One of the most striking changes you will discover about the job environment from the college environment is how you will be evaluated. This contrast is shown below.
Academic Evaluation Job Performance Evaluations
•Grades are given on each •Appraisals are given for overall
•Grades are given frequently. •Appraisals are provided
semiannually or annually.
•Grades are based on specific •Appraisals are based on subjective
•Grades generally reflect the •Appraisals reflect results.
level of effort.
•Your grade is based on your •Your appraisal is based on a
performance against a set comparison of your performance
standard. to others.
As you can see, job evaluations are often near opposites from what you are used to in college. Here are some other facts about job evaluations.
- Appraisals are typically given annually or semiannually. Imagine going through a semester and never getting back a grade.
- Appraisals are often used to determine pay increases and promotions.
- Appraisals are typically given on your anniversary date or on a fixed date for all employees.
- Appraisals are typically a private discussion between you and your boss.
- Appraisal criteria are generally subjective. In college, there was generally a right answer or a rubric used to evaluate your work.
- Your performance (either directly or indirectly) is compared to others. There may be restrictions placed on the number of high performers. Imagine a course where only 5% of the students could get A’s and only 10% could get B’s.
- Your bosses’ boss may have to approve your appraisal.
Attachment A contains an example of what a performance review sheet looks like. Note the following:
- You will be evaluated on a five point scale outstanding (5) to unsatisfactory (0).
- You will be evaluated on both performance and personal factors.
- You will be given an overall rating. Often only a limited number of employees will be allowed to receive the top two ratings.
- You will be asked to comment on the rating.
- Your bosses’ boss must approve the rating you are given.
How do you do well on a job evaluation. Certainly you start by doing an outstanding job, but that alone may not be enough. You should follow the strategy described below.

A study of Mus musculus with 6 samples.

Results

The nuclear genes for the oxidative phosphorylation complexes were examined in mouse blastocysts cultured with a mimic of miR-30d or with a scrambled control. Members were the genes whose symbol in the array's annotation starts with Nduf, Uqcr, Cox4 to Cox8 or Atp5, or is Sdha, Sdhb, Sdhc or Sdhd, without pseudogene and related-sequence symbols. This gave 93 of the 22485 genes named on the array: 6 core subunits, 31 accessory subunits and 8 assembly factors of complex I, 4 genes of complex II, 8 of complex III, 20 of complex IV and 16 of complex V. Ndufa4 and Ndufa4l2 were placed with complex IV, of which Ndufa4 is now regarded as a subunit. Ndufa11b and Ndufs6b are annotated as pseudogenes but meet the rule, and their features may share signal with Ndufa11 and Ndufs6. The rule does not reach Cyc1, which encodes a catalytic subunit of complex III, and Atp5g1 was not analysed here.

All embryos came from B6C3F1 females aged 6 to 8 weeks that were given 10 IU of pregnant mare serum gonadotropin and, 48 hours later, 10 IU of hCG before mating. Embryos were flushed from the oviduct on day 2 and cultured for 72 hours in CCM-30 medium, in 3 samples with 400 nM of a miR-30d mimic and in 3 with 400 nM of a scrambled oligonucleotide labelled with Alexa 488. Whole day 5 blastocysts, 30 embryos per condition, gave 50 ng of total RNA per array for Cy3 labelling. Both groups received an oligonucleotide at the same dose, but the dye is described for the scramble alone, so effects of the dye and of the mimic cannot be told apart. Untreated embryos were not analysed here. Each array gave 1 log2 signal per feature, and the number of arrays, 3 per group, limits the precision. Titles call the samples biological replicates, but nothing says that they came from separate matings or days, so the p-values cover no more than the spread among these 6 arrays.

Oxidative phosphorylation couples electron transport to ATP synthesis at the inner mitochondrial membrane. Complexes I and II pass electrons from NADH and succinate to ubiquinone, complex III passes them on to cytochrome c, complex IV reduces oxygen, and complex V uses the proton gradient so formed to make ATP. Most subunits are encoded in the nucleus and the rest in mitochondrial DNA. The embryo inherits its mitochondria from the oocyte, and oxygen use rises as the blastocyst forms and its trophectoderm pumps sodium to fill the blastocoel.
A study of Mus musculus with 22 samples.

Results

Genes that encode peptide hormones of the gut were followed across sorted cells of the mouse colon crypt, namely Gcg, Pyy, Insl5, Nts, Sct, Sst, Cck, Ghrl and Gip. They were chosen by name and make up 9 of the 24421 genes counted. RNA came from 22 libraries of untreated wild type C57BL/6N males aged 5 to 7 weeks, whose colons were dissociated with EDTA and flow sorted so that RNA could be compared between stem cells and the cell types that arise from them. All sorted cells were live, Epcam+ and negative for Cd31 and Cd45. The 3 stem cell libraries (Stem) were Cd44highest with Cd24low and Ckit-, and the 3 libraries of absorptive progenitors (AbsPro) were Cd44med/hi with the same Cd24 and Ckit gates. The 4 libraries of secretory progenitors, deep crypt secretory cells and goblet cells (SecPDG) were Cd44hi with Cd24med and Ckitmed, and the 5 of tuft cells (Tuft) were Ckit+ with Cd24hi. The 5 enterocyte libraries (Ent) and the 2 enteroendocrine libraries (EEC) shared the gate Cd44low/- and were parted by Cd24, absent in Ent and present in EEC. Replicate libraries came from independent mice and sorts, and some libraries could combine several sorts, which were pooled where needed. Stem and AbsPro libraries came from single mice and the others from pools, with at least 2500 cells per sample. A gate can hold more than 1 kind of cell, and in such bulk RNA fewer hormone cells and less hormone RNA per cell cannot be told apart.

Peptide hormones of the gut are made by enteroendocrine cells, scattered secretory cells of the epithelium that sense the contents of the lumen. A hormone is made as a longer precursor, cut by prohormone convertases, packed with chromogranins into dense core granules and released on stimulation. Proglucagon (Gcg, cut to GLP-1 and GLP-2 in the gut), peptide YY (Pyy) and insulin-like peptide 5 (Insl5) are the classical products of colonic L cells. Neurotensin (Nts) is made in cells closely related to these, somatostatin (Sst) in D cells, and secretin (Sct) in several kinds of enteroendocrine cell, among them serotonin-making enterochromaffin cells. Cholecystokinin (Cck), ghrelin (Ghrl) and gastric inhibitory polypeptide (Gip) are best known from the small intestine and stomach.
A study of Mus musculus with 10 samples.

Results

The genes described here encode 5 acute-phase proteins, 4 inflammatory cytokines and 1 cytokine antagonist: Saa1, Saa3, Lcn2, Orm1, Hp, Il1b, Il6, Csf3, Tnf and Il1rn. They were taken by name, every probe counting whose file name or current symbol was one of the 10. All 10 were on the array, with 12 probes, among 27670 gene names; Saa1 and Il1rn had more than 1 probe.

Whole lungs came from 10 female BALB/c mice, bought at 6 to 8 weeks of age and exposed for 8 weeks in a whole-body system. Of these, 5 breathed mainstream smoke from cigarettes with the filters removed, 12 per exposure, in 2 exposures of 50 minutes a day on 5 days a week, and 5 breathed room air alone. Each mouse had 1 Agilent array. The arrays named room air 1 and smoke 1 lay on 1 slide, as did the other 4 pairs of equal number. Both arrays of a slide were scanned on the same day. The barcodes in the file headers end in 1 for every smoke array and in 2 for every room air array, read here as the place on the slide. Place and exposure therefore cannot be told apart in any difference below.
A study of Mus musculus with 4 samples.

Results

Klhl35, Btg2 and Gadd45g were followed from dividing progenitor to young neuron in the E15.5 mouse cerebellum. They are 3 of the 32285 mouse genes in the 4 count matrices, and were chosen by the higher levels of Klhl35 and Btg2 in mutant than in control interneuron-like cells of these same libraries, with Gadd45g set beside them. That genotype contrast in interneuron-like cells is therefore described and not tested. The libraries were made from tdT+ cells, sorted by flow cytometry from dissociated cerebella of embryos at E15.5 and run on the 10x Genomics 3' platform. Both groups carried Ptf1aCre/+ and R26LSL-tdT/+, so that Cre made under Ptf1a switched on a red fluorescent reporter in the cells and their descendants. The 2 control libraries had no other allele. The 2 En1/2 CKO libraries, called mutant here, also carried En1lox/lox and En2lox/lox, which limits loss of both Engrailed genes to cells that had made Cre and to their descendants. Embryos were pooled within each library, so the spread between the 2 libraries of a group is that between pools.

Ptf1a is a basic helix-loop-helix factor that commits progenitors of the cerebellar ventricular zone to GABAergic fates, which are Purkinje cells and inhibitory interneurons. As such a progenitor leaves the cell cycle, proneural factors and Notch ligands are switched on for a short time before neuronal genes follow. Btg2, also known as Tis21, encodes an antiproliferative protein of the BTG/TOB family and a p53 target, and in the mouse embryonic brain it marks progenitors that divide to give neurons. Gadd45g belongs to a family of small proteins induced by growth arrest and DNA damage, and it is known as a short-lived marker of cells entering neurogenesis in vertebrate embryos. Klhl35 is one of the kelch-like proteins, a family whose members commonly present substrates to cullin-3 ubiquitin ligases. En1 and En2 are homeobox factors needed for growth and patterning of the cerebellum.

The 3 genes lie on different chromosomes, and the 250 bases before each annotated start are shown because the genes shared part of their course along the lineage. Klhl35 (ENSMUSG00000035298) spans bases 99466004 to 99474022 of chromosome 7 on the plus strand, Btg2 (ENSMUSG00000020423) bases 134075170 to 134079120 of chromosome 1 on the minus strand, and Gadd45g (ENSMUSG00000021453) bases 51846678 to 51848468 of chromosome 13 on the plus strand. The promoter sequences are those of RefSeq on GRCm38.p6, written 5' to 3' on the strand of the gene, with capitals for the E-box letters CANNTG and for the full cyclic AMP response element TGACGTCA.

1. During your first week on the job, get a copy of the performance appraisal form from your boss or the personnel department. You really need to understand the process, so ask questions about the form and how evaluations are done. Make sure you do this in a positive way rather than giving them the impression you lack confidence or want to do only what is evaluated.
2. Discuss with your boss the expectations he or she has for you. You want to establish good, open communications right from the start.
3. At the end of the month, write up your own assessment of how you have done. This will be for your personal use, but you need to learn how to give yourself feedback on your performance. If you can, discuss your performance with your boss in an informal manner. Pick a time when your boss is not too busy and may be more reflective. See how your boss’s comments match your own evaluation. Do not be afraid to admit problem areas by saying: “I’m still having problems with . What ideas do you have to help me improve?” Your boss will gradually feel a sense of ‘ownership’ in your performance. If you do well, your boss will feel good. If you do not do well, your boss will feel that he or she has some responsibility for your poor performance.
4. You may have to help your boss in the formal appraisal. Help make the session an open discussion. Accept the constructive criticism graciously but ask for advice on how to do better. You will want to refer back to this advice frequently in the months to come. Let your boss know that you listened and you are trying to do better. With any effort on your part, the next review will be better.
5. Always do more than is expected. You’ll probably find that the initial job you have is not as challenging as college, so you’ll have more time to do a good job. Always think: What more could I do to improve this assignment?
6. No matter what you do, do not let your boss have any ‘Mickey Mouse’ factors to complain about. Get to work and meetings on time. Complete assignments on time. Turn in time sheets or other reports when they are due. Do what is expected of a professional employee. These factors are easy to criticize, and this may give your boss an easy excuse for a lower rating.
7. Ask others for advice before you challenge a rating. You will want to have thought through the various possibilities of what could happen if you ask that your rating be reviewed. You should have a strong case to warrant a challenge.
8. Let your boss know what you are doing. Prepare a progress report each week. These are extremely important in performance appraisals. If you have continuously provided your boss with a progress report memo, then you will have established a good record of achievement. These could be critical in your evaluation.